Don’t Be Caught in the 99%

Would it surprise you to know that only 1%-3% of churches have any sort of an intentional leadership development process/pipeline/system? It surprised me. Even among “mega” churches the percentage, according to leading researchers, remains the same. Why? You should ask yourself that question, as should I.

I can offer you three reasons:

  1. We’ve conflated discipleship and leadership development. In other words, we believe our helping people become better followers of Jesus will also automatically make them better/future leaders. Wrong.
  2. We respond to the urgent, rather than endure the urgent as we position ourselves to secure the vital. Meaning we are so busy dealing with what’s in front of us—working in the organism/organisation—that we don’t stop to actually work on the organism/organisation. This leaves us with a dearth of leaders, and a cycle of chaos.
  3. We (Hope | Think | Believe | Dream?) leaders will develop via osmosis, from being around and watching us lead. I cannot count how many church leaders I’ve coached/assessed/trained that just assumed leaders would be made by “doing life” with them. No. Just, no. If it lacks intentionality, it will lack investment. If it lacks investment, it will produce a minimal return.

Likely there are many more reasons than these three, but the result remains the same—almost 99% of churches (and many non-church organizations for that matter) have no intentional plan in place to replicate leaders, and it is often the biggest hurdle to sustainable growth.

What, then, is the solution?

Make a plan and execute it, even if it’s imperfect.

Plain. Simple. Plan.

Maybe you have no clue where to even begin. Allow me to offer three starting points for your new leadership development plan.

First, define leadership. At Renovation we define leadership as: Vision + Faith + Execution. I’m positive I lifted all or part of that, so feel free to do the same.

Next, define what a leader is. I define a leader (likely lifted, at least in part) as:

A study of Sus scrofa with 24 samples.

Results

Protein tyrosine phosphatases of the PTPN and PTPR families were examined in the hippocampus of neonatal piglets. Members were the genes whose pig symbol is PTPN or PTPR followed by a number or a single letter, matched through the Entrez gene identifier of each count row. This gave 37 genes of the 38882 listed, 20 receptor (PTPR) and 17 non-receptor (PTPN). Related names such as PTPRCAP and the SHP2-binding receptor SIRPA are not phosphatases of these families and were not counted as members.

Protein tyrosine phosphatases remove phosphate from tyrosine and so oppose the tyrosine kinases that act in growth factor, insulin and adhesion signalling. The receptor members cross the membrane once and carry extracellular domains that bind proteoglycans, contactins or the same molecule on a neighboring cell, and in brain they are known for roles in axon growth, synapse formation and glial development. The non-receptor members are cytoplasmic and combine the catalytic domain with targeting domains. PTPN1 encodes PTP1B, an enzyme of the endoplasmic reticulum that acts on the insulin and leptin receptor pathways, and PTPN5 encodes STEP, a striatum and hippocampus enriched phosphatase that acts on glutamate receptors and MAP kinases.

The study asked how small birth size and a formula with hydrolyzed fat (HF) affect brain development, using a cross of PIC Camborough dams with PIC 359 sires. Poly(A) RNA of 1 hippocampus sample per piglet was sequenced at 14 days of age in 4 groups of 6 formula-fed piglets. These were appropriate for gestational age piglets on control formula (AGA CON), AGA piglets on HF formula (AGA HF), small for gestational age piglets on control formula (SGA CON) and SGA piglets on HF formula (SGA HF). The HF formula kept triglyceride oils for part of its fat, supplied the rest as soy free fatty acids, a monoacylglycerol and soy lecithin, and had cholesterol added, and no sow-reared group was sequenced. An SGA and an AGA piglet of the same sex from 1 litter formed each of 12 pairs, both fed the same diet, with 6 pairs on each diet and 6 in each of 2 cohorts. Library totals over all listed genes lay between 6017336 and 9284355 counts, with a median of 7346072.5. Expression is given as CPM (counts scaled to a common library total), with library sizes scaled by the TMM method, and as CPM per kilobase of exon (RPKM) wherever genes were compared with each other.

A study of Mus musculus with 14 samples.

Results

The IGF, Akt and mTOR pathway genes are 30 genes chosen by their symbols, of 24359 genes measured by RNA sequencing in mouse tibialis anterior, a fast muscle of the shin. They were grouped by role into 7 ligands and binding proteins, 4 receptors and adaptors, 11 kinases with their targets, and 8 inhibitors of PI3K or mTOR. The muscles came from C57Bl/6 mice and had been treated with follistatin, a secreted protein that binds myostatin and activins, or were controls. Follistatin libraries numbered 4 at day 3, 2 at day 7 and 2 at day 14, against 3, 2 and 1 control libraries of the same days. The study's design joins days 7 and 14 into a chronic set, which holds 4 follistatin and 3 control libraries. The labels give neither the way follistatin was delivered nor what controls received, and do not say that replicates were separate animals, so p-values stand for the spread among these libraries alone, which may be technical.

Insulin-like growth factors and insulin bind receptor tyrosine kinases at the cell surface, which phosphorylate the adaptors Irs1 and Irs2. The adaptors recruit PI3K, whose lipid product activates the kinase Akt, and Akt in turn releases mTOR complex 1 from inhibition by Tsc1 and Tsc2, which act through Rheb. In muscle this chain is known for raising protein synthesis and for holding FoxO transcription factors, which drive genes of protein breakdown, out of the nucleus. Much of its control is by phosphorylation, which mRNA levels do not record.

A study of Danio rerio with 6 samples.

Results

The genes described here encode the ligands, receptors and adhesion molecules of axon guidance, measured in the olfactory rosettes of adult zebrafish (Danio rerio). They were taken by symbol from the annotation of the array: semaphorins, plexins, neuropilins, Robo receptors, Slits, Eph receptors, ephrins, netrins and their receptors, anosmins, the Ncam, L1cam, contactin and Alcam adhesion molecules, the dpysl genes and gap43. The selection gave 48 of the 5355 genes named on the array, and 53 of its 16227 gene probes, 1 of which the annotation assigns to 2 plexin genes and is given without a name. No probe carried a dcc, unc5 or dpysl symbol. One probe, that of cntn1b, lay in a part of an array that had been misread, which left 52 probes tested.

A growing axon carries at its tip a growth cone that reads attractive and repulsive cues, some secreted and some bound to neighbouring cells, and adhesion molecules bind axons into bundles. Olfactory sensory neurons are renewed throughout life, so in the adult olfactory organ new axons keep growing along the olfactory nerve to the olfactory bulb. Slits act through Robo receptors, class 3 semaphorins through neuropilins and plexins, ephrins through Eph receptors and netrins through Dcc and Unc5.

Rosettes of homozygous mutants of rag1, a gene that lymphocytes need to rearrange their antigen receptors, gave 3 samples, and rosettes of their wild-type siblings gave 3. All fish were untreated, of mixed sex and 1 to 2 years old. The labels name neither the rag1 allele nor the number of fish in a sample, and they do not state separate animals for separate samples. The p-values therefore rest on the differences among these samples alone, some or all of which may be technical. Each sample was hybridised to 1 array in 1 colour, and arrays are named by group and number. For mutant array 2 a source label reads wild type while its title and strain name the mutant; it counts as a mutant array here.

1. Self-Aware  2. Self-Correcting  3. Self-Managing  4. Self-Starting  5. Self-Encouraging 

Lastly, define the underlying context/criteria in which these “self’s” will find expression, and in what manner they will be cultivated. At Renovation we’ve decided on 7  necessary “C’s” of development. It is both the grid through which and the means by which we choose tools to use for training and developing leaders. These also function as qualities we want to cultivate in them.

1. Character 2. Competence 3. Conviction 4. Clarity 5. Chemistry 6. Conduct 7. Capacity

Example: Evaluating, training, and cultivating capacity is my personal favorite, because it is not something we intuitively look to, but it is often the culprit in cases where we believe someone to be a poor leader or lazy. Often a lack of capacity masks itself as laziness, and what is discovered is not that people don’t want to do their job well, but rather they lack the capacity to do all they’ve been given. When this is discovered, you have the decision to lighten the load so that they can flourish (if there is room in the role to do that), train them to increase their capacity,  or find someone who’s capacity covers the breadth of the work.

This is a very brief look at the “why” of leadership development, and a couple parts of my “how.” Is this helpful? What would you add?

Whatever you decide to do regarding the leveraging of what I’ve shared here, good or bad, do something! Grow that percentage, and lets lead great organisations that readily replicate leaders.